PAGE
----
It has been nothing short of an an extraordinary 12 months for NASA’s space exploration programs. The MAVEN spacecraft started orbiting Mars, Orion had its first successful launch, astronauts began using 3D printing in space and Rosetta landed Philae on a comet. Adding to the tally of groundbreaking achievements in space pioneering, NASA’s Jet Propulsion Laboratory has managed two firsts in one.
The Dawn spacecraft has this week become not only the first craft to orbit two bodies in the solar system in a single journey, but the first to enter the orbit of a dwarf planet, after moving on from its orbit of the Vesta asteroid and inserting successfully into orbit around Ceres.
Ceres is the largest body in the asteroid belt that exists between Mars and Jupiter, yet it remains a mystery in many respects. For a while, we’ve known it to be icy, more spherical than an asteroid and not much more. It was once considered a planet, from its discovery in 1801 until it was downgraded to an “asteroid” in the 1860s for its failure to clear its orbit (being part of the asteroid belt makes that fairly obvious). More recently, it was upgraded to the “dwarf planet” label that is currently shared with Pluto and a handful of other bodies in our solar system.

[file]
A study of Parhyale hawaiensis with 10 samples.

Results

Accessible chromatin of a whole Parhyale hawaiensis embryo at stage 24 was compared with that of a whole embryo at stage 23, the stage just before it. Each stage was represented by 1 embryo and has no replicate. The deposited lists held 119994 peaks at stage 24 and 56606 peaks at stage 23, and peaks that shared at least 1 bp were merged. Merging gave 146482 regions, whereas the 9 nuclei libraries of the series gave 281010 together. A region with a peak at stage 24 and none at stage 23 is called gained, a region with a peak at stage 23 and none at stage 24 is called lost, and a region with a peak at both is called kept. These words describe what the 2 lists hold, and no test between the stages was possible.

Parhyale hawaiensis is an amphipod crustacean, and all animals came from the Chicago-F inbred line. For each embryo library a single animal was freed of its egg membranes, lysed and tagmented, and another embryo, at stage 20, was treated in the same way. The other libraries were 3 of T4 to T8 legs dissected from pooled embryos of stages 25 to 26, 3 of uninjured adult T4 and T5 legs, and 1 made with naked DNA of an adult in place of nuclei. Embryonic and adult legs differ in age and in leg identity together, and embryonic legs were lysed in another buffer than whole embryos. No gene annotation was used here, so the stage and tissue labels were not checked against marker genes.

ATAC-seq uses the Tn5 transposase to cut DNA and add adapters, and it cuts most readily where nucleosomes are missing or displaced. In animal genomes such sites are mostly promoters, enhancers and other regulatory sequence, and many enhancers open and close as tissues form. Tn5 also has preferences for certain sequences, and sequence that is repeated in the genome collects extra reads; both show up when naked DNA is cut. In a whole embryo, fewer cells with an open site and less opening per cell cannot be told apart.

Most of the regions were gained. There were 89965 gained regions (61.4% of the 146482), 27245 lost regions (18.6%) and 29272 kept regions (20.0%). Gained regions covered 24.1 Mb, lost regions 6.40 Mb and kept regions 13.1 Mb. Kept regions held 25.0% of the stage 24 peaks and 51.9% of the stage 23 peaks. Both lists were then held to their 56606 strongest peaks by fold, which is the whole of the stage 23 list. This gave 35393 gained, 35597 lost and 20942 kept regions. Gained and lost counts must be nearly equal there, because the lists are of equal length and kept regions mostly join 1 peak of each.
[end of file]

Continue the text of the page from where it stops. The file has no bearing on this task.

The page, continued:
This mission is significant for several reasons. One is because Ceres is likely to contain water, probably in the form of sub-surface ice reserves and possibly even in liquid form, covered by a layer of surface ice. Ceres is also believed to harbour volcanic activity. Volcanic heat plus water can provide conditions consistent with supporting life in some form.
Technologically, any mission that involves more than one orbital mission is exceptional, and Dawn’s ion thruster system has been a breakthrough in efficient propulsion.
Whatever is discovered through the activity of this orbital probe is going to be exciting, and the mission to get there has already involved major milestones in manufacturing, propulsion and planning. NASA’s JPL has performed an amazing feat and we can’t wait to see what the next few months reveal about this mysterious nearby dwarf planet.